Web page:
The kids starring in Fame the Musical at Milton Keynes Theatre this weekend will remember the magic of standing together on that stage for the rest of their lives.
Every cast member radiated sheer joy to be a part of the opening performance on Friday evening. Their enthusiasm was simply infectious. They lit up the auditorium with dazzling dance tricks; reached the high notes during all those unforgettable songs; and acted their hearts out to bring the trials and tribulations of the talented teens at New York City’s High School of Performing Arts to the stage.
After growing up dancing and performing – and finding my feet as a ballet teacher – I am all too familiar with the amount of effort that goes into putting any performance together. So I have nothing but admiration for the Creative Learning department at Milton Keynes Theatre. Fame the Musical is their fifth Stage Experience production and, once again, they have demonstrated how much oodles of hard work and an eager group of youngsters can achieve. All with just twelve days of rehearsals!
Director Robert Marsden, musical director Matthew Reeve, choreographer Laura-Ann Smith and project managers Rachael Hutchinson and Matthew Bowden are just as deserving of the impressive standing ovation the audience gave at the end of last night’s performance as the singing and dancing participants onstage. Careful casting, clever choreography and painstaking planning has ensured that every youngster appearing in this spectacular youth production has their moment in the spotlight.
Over 100 youngsters aged 10 to 21 were selected through open auditions in the spring to don their legwarmers for the show. With its high-energy numbers, vibrant 80s fashion and stage school setting, Fame is the ultimate ensemble production. The Stage Experience version sees performers of all ages granted the chance to stand out as individuals, flaunt their best moves and raise the roof with exuberant vocals.
There was the odd moment when I felt the sound of the live orchestra slightly overpowered the voices of the cast. And some of the ballet dancing segments may have benefited from more concentration on pointed toes and stretched legs (although we ballet teachers are notoriously picky!). But the overall quality of singing, dancing and acting on offer is impressive, as is everything about the way the show is staged.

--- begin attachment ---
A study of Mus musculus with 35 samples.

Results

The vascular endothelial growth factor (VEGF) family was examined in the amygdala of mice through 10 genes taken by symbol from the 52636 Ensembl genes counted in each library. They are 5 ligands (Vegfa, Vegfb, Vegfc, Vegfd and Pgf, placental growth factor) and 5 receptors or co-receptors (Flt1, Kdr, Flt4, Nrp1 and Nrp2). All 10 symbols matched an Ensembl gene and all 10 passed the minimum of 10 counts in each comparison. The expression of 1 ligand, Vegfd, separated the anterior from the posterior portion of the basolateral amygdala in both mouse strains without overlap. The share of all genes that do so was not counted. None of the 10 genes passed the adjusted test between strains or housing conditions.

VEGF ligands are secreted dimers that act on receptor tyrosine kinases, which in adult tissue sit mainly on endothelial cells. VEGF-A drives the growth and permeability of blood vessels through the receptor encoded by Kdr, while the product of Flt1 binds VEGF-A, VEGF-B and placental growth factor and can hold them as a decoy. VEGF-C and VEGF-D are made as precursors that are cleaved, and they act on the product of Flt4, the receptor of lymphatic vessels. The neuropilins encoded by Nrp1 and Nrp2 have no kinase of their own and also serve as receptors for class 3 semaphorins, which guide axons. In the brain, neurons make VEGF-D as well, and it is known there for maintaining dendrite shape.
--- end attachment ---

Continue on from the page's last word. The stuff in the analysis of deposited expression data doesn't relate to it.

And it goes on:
All of the older performers cast in the principal roles manage to pull off their characters with panache. The adolescents who make up the central group of aspiring artistes are accepted into the prestigious High School of Performing Arts in 1980 (expected to graduate in 1984). They attend classes across the music, drama and dance faculties and the story follows their exploits over the four years. This means that there are a real mix of dramatic, comedic and poignant moments for the lead cast members to portray, as well as solos to sing and dance routines to execute.
Eve Bennett delivers the required star turn as Carmen Diaz, utterly convincing everyone around her that she was born to be famous – whatever the cost. Her scenes with lively clown of the show Nathaniel Thomas as joker Joe ‘Jose’ Vegas are amusing and just amorous enough. Passages with Michael Wilson as saintly virtuoso violinist Schlomo Metzenbaum are touchingly tender.
Millie Burlace is a true songbird as Serena Katz, with a crystal clear, pitch-perfect singing voice. She also demonstrates sound acting skills, depicting the character’s development (from a lovesick wallflower into an assertive, ambitious young actress able to channel her emotions) with apparent ease. Millie is partnered with Alfie Allen as overly-serious classical actor Nick Piazza and, together, they are a wonderfully entertaining duo.
Among the dance majors, Amy Hales is a hoot as Mabel Washington, an overweight dancer who simply can’t resist food. (“I’m on the see food diet!” she proudly proclaims, projecting out into the auditorium like a seasoned professional. “I see food, and I eat it!”.) Charlotte D’Evallancey has beautiful upper body poise and graceful arms in the role of talented ballerina Iris Kelly and Temmy Bamishe is outstanding in every dance number – no matter what style – as aspiring choreographer Tyrone Jackson.
Natasha Holland is gutsy as tough-talking tomboy Grace ‘Lambchops’ Lamb. Ciaran O’Donovan as the rock and roll hating Mr Sheinkopf showed just enough intimidation when assessing her efforts in music class. Muso Kim Allen is a dynamo on the drums and delivers Goodman ‘Goody’ King’s sarcastic lines with just the right level of composure. Someone else who keeps their cool is Caitlin Russell as Miss Esther Sherman. She rules the school with her authoritative presence but still manages to let loose in an emotion-charged, spine-tingling singing standoff with Tyler Rose Brand as dance teacher Ms Greta Bell.
Remember their names. Some of these performers might be treading the boards at Milton Keynes Theatre with professional touring productions in years to come.
Running a close second behind the high-octane excitement of ‘Fame’, ‘Bring on Tomorrow’ is my favourite tune from the Fame soundtrack. Last night, it was sung with heartfelt conviction by the whole cast. And is there any wonder? Their “tomorrow” (which is now today) brings with it two more opportunities to seize the moment, stand centre stage and shine!
Fame the Musical returns to the Milton Keynes Theatre stage today (Saturday 6th August 2016) at 2pm and 7pm.
This review is also published on Total MK.
I wrote a preview of Stage Experience 2016: Fame the Musical for the Milton Keynes Citizen.
Georgina Butler is a journalist, a dance writer and a dance teacher who specialises in teaching classical ballet. She previews and reviews productions, writes features and interviews people from the world of dance.